Four former presidents of NFU Scotland have officially come out in favour of a Yes vote in the forthcoming independence referendum.
The quartet three Johns and a Jim have been rumoured for months to be about to make their move. At a press conference in Yes campaign headquarters in Glasgow they firmly nailed their colours to the pro-independence mast.
John Cameron, John Kinnaird, John Ross and Jim Walker have between them 19 years’ experience of leading Scotland’s main farming lobby group.
If there is a central theme to their argument it revolves around the belief that Scotland has been ill served in European Union negotiations by a succession of Defra ministers.
Jim Walker asserted that these ministers were not independent operators and had since the 1990s been simply driven by a UK Treasury imperative to steadily cut back farm support.
John Ross said: “Scottish farming must resist any further diminution of influence, and we cannot go into the future facing years of uncertainty.”
John Cameron was president of NFUS from 1978 to 1983 and has rarely been far away from the corridors of power in Brussels since then in various capacities.
“We need our own representation in Brussels. Scotland is 85% Less favoured Area and 15% non-Less Favoured Area. England is exactly the opposite, and that makes Westminster politicians less likely to argue our case.”
John Kinnaird, pointing out that he was an arable farmer with beef, said he agreed. “Scotland’s voice is usually ignored. I am concerned about a backlash against Scotland if there is a No vote, but be very clear I do not see this as a vote for a political party.”
Asked where other former NFUS presidents stood on the matter, Mr Walker immediately criticised George Lyon, former Lib Dem MEP, rapporteur on CAP reform in the European Parliament and leader of Rural Better Together.
“George was an interim NFUS president for a year before he became a politician. He has no track record and no experience of dealing with the EU as a farmer representative.”
Mr Walker also poured scorn on the suggestion that the group had no obvious backing from the food processing and marketing sector.
“The market for Scottish produce will not stop the day after independence. Anyone who suggests that there is only a premium for Scottish products because we are part of the UK is talking rubbish,” he said.
John Ross, immediate past chairman of the Moredun Foundation, took a similar view on research funding much of which is currently UK funded.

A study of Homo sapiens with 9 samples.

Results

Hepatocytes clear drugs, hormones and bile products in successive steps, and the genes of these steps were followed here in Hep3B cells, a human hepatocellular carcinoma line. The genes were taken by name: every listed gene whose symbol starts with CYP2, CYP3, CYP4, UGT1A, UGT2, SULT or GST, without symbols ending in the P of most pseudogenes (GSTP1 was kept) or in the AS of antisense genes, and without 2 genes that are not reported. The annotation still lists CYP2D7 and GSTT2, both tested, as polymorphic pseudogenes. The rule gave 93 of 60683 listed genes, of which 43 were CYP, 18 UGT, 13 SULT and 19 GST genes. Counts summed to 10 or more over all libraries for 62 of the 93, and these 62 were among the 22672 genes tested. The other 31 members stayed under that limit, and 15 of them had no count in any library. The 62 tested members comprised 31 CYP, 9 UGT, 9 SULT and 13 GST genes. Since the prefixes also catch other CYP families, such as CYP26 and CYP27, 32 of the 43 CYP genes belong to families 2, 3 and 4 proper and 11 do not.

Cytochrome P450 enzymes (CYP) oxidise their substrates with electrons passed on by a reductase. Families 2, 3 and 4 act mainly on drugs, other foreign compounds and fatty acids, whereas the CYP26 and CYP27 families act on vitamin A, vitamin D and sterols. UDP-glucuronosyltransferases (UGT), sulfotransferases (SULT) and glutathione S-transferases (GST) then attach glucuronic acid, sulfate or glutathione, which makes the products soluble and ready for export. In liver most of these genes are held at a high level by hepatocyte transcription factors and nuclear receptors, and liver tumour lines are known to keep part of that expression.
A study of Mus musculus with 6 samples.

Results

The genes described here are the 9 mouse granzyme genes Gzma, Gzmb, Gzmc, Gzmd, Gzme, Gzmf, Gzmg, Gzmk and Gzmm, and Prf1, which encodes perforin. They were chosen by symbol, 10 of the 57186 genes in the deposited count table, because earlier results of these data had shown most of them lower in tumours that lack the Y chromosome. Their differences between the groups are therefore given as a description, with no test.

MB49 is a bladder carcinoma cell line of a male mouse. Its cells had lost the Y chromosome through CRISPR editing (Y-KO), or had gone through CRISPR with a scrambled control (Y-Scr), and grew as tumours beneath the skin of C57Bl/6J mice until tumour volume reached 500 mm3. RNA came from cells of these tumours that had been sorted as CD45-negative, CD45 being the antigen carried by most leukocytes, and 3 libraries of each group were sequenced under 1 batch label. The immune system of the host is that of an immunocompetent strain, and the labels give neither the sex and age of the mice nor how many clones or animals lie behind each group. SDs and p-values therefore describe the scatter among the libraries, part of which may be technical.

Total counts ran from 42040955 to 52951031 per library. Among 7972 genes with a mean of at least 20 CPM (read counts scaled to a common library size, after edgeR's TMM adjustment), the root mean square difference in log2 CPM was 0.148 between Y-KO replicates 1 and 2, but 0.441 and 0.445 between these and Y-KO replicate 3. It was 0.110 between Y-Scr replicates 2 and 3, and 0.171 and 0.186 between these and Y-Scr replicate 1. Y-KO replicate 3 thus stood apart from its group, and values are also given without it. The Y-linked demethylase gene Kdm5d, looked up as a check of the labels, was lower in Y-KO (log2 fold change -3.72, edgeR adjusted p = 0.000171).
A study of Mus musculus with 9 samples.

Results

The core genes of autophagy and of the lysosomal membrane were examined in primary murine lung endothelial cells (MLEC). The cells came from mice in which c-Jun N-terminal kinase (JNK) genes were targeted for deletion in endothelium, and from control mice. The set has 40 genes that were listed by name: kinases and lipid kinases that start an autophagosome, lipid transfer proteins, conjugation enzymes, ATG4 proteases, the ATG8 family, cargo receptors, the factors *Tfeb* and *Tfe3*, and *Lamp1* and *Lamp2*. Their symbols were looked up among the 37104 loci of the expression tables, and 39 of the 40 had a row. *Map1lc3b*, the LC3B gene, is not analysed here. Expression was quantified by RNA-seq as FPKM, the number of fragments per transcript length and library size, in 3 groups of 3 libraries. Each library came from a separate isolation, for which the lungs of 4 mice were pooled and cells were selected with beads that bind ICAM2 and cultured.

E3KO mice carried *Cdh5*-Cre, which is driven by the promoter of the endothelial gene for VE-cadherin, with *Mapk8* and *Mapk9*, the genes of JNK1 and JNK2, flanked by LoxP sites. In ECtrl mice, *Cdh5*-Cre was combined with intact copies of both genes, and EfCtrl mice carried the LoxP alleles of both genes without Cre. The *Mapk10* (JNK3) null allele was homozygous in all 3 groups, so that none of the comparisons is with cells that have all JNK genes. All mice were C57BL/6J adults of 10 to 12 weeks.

“Research commissions will go to wherever there is first-class research, and I have no fears that we will attract funding in the future.
“A lot comes from outside the UK in any event.”
All four were convinced that an independent Scotland would soon be back in the EU as a full member state. According to Mr Walker it would be “within a year or two”.
Asked if there were any downsides envisaged, Mr Ross said: “From the farming point of view, I can see no negatives.”
John Cameron added: “Since devolution everything related to farming has been positive.”
Richard Lochhead, Cabinet Secretary for Rural Affairs, Environment and Food, described the move as “very significant”.
* John Ross CBE, from Portpatrick, Dumfries and Galloway, is a livestock farmer.
He was NFUS president between 1990 and 1996 and chairman of the Scotch Quality Beef and Lamb Association from 1997 to 2000.
Between 2002 and 2012 he was chairman of Moredun Animal Diseases Research Institute and Foundation.
* Dr John Cameron CBE, who farms at Balbuthie in Fife, became NFU Scotland’s first long-term president in 1978.
During his term, the union was able to take an active long-term role in the affairs of the Common Agricultural Policy.
He was a member of the agricultural praesidium in Brussels for five years and
was first chairman of the EEC Sheepmeat Committee.
He is a past chairman of the QMS Standard Setting Committee for cattle and sheep, and is a Fellow of the Scottish Agricultural College.
* Jim Walker, who graduated in accountancy from Edinburgh University, took over the family farm in the 1980s and now rears beef cattle and sheep on 3,500 acres near Sanquhar.
He was chairman of Quality Meat Scotland from 2003 until 2005 following five years as president of NFU Scotland.
He acted as a consultant to Robert Wiseman Dairies from 2003 until 2008.
Joining Argent Energy in 2003 as vice-chairman, he became operations director in 2005 and managing director in 2008.
* John Kinnaird was vice-president of NFU Scotland from 2000 until 2003 and president from 2003 until 2007.
He chaired the Scottish Government Review of Veterinary Surveillance, is a director of the Moredun Research Institute and a Fellow of the Royal Agricultural Societies.
He is a partner in a 600-acre farm in East Lothian.